Automatic de-identification of textual documents in the electronic health record: a review of recent research
In the United States, the Health Insurance Portability and Accountability Act (HIPAA) protects the confidentiality of patient data and requires the informed consent of the patient and approval of the Internal Review Board to use data for research purposes, but these requirements can be waived if data is de-identified. For clinical data to be considered de-identified, the HIPAA "Safe Harbor" technique requires 18 data elements (called PHI: Protected Health Information) to be removed. The de-identification of narrative text documents is often realized manually, and requires significant resources. Well aware of these issues, several authors have investigated automated de-identification of narrative text documents from the electronic health record, and a review of recent research in this domain is presented here.
This review focuses on recently published research (after 1995), and includes relevant publications from bibliographic queries in PubMed, conference proceedings, the ACM Digital Library, and interesting publications referenced in already included papers.
The literature search returned more than 200 publications. The majority focused only on structured data de-identification instead of narrative text, on image de-identification, or described manual de-identification, and were therefore excluded. Finally, 18 publications describing automated text de-identification were selected for detailed analysis of the architecture and methods used, the types of PHI detected and removed, the external resources used, and the types of clinical documents targeted. All text de-identification systems aimed to identify and remove person names, and many included other types of PHI. Most systems used only one or two specific clinical document types, and were mostly based on two different groups of methodologies: pattern matching and machine learning. Many systems combined both approaches for different types of PHI, but the majority relied only on pattern matching, rules, and dictionaries.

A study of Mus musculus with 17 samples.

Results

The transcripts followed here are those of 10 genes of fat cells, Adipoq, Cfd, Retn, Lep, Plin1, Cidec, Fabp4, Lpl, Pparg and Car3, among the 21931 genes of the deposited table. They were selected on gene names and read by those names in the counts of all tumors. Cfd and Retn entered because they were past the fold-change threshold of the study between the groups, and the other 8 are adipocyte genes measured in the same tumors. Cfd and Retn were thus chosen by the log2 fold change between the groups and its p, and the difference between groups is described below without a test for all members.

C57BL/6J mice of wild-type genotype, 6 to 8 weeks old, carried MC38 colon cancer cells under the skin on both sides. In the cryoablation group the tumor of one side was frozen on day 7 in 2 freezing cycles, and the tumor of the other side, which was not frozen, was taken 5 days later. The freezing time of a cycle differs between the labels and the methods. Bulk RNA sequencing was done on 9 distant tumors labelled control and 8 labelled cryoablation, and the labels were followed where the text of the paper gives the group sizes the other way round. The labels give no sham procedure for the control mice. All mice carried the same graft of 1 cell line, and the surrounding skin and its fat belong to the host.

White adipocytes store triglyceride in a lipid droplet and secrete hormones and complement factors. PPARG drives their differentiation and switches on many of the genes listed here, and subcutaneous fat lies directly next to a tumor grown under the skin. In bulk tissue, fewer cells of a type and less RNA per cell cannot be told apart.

In general, methods based on dictionaries performed better with PHI that is rarely mentioned in clinical text, but are more difficult to generalize. Methods based on machine learning tend to perform better, especially with PHI that is not mentioned in the dictionaries used. Finally, the issues of anonymization, sufficient performance, and "over-scrubbing" are discussed in this publication.